How Long will Protesters 'Occupy Fort Wayne'?

By Rachel Martin

October 16, 2011 Updated Oct 16, 2011 at 6:00 PM EDT

FORT WAYNE, Ind. (Indiana’s NewsCenter) – The General Assembly of Occupy Fort Wayne will hold a meeting at 7 p.m. to decide if they want to continue protesting. Fort Wayne Police have permitted protesters to stay at Headwaters Park until 11 p.m. Sunday. If protesters do not leave they could face citations and possibly be arrested.

A couple dozen people stuck it out in the cold and rain Saturday by spending the night in Headwaters Park as part of the Occupy Fort Wayne movement. On Sunday, the General Assembly of Occupy Fort Wayne made a statement to the press sharing their purpose and requesting a public place from city government to further exercise their First Amendment Right.

“I believe that we all should be comfortable protesting,” said Rachel Milner, protester. "I think that everyone across America should be comfortable standing up for their own voice and not be frightened that they're going to be told to be quiet."

Milner decided to participate in Occupy Fort Wayne to explore her values. She’s unhappy with the economy and believes inflation is the cruelest kind of taxation because it’s “hidden”.

“[Inflation] distorts prices and hinders our ability to work effectively as a market,” said Milner. “So I am attempting to understand what my principles should be, not just morally, but economically,” said Milner.

Joel Klinepeter is part of the Occupy Fort Wayne Communications Team. He said other movements have stayed and chosen civil disobedience, while other groups abided by the permit.

"We are working to get it extended, as we should have every right to do under the First Amendment of the United States Constitution. If those recourses fail, that will be something determined by the people here at that time."

“I think we should work hard to be visible,” said David Greene. “And whether that means we have to stay here or go elsewhere we haven’t decided yet, but we have to work hard to be visible and have our voices heard.”

Greene is participating in the movement because he feels the government doesn't fairly represent "the people." He said it favors war, money, and business instead of valuing people.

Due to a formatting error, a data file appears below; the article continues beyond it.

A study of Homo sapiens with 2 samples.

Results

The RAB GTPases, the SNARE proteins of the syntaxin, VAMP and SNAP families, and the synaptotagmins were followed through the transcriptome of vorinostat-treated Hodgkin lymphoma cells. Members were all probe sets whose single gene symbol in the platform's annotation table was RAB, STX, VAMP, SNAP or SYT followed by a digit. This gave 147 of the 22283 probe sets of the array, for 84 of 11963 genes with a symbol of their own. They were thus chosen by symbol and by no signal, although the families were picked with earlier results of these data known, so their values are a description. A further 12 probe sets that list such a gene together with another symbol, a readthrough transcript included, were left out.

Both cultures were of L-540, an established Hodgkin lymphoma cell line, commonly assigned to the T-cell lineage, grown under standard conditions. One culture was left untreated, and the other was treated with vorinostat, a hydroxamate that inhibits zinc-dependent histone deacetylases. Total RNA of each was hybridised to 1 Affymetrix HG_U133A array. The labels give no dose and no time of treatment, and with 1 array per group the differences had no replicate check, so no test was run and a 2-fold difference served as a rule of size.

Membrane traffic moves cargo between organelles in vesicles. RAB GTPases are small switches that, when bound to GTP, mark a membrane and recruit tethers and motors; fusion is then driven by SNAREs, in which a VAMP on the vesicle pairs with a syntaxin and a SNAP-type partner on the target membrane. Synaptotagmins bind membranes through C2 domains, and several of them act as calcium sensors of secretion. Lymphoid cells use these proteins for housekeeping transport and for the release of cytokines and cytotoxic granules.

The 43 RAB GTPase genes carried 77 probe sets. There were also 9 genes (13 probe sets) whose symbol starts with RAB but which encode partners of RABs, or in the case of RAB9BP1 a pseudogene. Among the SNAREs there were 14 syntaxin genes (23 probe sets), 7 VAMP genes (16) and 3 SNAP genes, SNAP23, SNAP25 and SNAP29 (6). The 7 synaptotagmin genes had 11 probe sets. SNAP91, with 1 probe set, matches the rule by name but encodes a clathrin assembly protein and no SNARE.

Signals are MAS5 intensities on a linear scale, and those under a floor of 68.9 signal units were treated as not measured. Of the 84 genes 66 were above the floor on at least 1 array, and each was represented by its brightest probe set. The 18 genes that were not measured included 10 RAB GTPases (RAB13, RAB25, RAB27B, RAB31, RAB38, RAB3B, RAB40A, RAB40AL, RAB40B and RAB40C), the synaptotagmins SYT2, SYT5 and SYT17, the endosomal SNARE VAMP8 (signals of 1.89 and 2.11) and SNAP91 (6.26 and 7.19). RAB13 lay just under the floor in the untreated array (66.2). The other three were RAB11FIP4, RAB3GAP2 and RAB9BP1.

“People have flesh and blood and emotions and consciousness and a limited life span. In order for the government to be truly a representation of the people, by the people, and for the people, then we need to limit how entities with no conscience and no life span participate in our political decision-making process,” said Greene.

"Whether you're liberal or conservative, your voice should be what matters in politics, not who has the most money,” Klinepeter said.

Each protester has their own reasons behind being part of the movement, but they understand that their differences are what bring them together.

"I believe people have the right to have an opinion and to be dissatisfied,” Milner said. “And we don't all have to agree on the same thing in order for all to understand that we are dissatisfied and that we all have opinions."

Greene said activism is how to bring about change, and as long Occupy is moving forward and making a difference, he will continue to protest.

“Thomas Jefferson said that it is our right and responsibility to protect our nation from threats both internal and external,” said Greene. “The corporate personhood and our loss of voice in our governance is an internal threat and we as citizens need to stand up and take back our country. Nobody’s going to give it back to us, we have to do something about it.”